How did John Wilkes Booth get past the President Lincoln armed guards at Ford’s theater?

hopethisemailainttaken asked:

Have searched the net and seen many docs, but that detail is never addressed.

From B. Nash: In answer to your question-there were no armed guards! Lincoln’s footman Charles Forbes was sitting outside the box entry. He was not there to protect the president in any official capacity (or in any other way). It is documented that Booth handed Forbes his calling card-which served to “permit” entry into Lincoln’s theater box. The individual who was assigned to Lincoln that evening-John Parker- was armed but not at his post. Some believe that Parker left his duty post for a drink of alcohol. Thus, Abraham Lincoln sat in the box with his wife and guests unprotected. Forbes had no reason to suspect any ill-will towards Lincoln from Booth-so he let him pass. Lincoln actually had another visitor to his box prior to Booth that evening-so it probably didn’t seem all that abnormal. Booth was probably amazed at his good fortune. The rest is history.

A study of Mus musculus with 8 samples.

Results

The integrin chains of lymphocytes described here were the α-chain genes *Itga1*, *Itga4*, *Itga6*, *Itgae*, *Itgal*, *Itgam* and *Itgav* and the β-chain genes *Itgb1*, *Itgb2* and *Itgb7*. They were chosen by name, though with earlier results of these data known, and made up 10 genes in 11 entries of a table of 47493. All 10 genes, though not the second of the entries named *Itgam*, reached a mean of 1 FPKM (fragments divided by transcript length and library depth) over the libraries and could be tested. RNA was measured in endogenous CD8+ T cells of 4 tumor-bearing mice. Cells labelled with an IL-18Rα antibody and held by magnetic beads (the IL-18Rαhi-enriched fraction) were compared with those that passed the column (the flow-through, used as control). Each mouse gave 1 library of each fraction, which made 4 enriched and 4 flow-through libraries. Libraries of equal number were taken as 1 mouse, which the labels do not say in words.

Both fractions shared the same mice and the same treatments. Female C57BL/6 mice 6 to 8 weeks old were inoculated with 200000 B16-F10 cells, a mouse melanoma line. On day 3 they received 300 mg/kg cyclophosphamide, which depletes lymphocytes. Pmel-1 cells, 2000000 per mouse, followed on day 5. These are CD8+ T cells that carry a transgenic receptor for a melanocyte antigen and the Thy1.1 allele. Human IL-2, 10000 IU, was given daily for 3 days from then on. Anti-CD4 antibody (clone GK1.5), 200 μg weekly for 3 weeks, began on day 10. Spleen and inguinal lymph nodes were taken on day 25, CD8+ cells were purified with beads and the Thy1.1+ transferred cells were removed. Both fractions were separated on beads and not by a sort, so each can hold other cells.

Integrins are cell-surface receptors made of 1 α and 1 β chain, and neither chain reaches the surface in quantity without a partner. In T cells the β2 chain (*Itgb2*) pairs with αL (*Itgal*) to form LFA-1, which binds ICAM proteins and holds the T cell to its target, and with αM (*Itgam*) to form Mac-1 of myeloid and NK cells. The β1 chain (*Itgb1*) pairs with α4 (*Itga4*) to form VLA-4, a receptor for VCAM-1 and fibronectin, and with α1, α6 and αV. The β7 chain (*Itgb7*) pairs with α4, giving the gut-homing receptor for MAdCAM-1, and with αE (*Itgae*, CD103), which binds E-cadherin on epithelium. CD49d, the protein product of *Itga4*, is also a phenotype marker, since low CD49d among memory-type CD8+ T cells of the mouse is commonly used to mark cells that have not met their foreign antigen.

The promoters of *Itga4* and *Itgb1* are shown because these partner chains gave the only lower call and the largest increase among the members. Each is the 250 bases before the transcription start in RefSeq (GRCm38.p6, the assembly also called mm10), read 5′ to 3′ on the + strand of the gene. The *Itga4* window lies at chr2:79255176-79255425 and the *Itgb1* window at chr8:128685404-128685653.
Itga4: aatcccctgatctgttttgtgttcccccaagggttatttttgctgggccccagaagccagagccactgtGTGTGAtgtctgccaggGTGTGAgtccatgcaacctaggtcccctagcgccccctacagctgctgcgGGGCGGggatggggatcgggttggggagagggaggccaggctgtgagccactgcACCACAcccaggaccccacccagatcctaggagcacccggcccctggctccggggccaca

1. Chuck Gallagher says:

    Who is the fellow conspirator that brought Parker to the saloon. What evidence is there he was involved in the assassination ?

  2. Troy Davis says:

    President Lincoln’s guard was John Parker. He was invited to have a drink by a fellow conspirator. Parker was escorted to the tavern next to the theatre. Booth was waiting at the tavern for their arrival. When they came in, Booth knew the president was unguarded. He got up and left the tavern and headed to the theatre. He walked in the theatre’s front door and was warmly greeted by the ushers. He went up the stairs to the balcony, walked in back of the audience and into the hallway leading to the president’s box.

    Booth was able to do this because he was a famous actor and worked at the theatre. He was a frequent visitor. His appearance was welcome and did not cause any concern.

    Source: Lincoln, Davis, and Booth: Family Secrets

  3. alex says:

    John was an actor of his day, so it was common for him to be at the theater.

  4. John C. Cox says:

    “He was a famous actor. The Leodardo DiCaprio of his day, so to speak.”

    You have got to be kidding! LOL!

    Richard Burton OK, Humphrey Bogart OK, I’ll even give you, and I’m
    really cutting some slack here, Mel Gibson..but Leonardo DiCaprico?

    That’s like saying Enrico Caruso was the Justin Bieber of his day!

    I have to go throw up now.

  5. Star93 says:

    Caffeinated Content for WordPress

    He was a famous actor. The Leodardo DiCaprio of his day, so to speak. He was seen at the theater all the time, so no one thought much of him wanting to go upstairs to see the President.